If you're using GoHenry's Money Missions to teach your kids about money, kudos to you. Because teaching your kids about money today can lead to a lifetime of financial well-being.
But how you will know when the lessons are sinking in and your child is grasping important money and financial concepts? Here are some of the signs.
They'll ask more questions about money
Kids are naturally curious, and when they start learning about something, they want to learn more. Chances are once they've started to grasp the basics of money, they'll ask more questions about it.
For example, if you tell them it costs $10 to go to the movies, they'll start asking you how much other activities cost. Or, if you tell them a box of cereal costs $3.50, they'll quiz you about the prices of other items. This curiosity shows they're gaining an understanding of how money is used and want to explore the concept more.
They'll look for ways to save money when shopping
Your kids have probably watched you compare prices at stores before, so they might already have a vague understanding about spending wisely when shopping. But when they start to fully grasp that money is valuable, they'll also start looking for ways to conserve it.
For example, if your child automatically gravitates toward the sales rack in a store, looking for a lower-priced grocery item, or your older kids comparison-shop online, then they clearly understand it's good to pay less for something whenever possible.
They'll realize the power of savings
Everybody knows they need to save money. But for some reason, it's one of the hardest things for people to do.
You've probably stressed the importance of saving to your children, and they've learned about it in Money Missions as well. You might have even used the app to set savings goals for your children. But when they start saving on their own—that's when you know they understand the value of saving money. And when they start asking about investing, you can give yourself a well-deserved parental pat on the back.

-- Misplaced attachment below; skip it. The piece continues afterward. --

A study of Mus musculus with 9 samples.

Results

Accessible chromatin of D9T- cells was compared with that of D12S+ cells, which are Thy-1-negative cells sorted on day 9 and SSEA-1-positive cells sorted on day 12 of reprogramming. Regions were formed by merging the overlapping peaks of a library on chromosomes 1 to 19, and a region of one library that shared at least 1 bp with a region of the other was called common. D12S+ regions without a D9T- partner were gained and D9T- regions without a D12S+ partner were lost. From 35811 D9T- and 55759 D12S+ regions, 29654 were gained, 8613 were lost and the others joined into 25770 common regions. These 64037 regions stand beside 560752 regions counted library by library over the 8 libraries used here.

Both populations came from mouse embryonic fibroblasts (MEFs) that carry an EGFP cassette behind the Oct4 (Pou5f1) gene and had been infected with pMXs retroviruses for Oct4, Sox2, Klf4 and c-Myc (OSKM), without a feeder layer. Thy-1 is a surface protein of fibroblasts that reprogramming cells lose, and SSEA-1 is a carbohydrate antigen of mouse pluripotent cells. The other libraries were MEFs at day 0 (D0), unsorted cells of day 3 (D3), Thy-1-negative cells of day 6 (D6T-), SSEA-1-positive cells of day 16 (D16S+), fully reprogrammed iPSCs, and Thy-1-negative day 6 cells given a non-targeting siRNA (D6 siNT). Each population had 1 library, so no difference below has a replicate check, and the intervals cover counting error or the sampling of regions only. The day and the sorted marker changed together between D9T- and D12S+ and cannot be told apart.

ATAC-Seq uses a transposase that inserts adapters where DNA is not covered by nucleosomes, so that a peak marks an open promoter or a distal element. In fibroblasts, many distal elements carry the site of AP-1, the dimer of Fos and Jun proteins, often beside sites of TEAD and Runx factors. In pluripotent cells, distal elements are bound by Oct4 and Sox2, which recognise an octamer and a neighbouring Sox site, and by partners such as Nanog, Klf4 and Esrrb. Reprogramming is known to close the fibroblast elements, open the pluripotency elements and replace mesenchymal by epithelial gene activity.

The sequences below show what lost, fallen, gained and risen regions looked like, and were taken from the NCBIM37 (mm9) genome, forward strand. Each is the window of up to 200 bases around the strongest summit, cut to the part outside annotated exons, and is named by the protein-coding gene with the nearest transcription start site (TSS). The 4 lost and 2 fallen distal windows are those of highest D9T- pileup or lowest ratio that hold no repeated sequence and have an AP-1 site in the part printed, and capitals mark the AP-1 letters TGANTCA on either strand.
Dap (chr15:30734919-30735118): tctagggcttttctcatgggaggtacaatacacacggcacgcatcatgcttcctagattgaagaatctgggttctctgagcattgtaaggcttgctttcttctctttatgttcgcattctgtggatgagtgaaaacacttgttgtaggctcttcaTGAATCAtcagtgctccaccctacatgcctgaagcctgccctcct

They're careful with spending money you give them
Let's say you give your child $10 to buy snacks on a field trip. If they come back with change, the money lessons have definitely hit home. Again, they see the value in saving and not spending everything they have. Also, if you see your kids putting serious thought into spending choices, you're definitely doing a good job in the financial literacy department.
They'll want to give money to help others
Children are naturally giving and caring. From a very young age, most children thrive on being helpers. When your child asks to give money to a charity or cause, they are showing you they understand the value of money and how it can help others less fortunate than themselves. This is a perfect opportunity to have them experience the joy of philanthropy, which can lead to a lifetime of generosity and giving.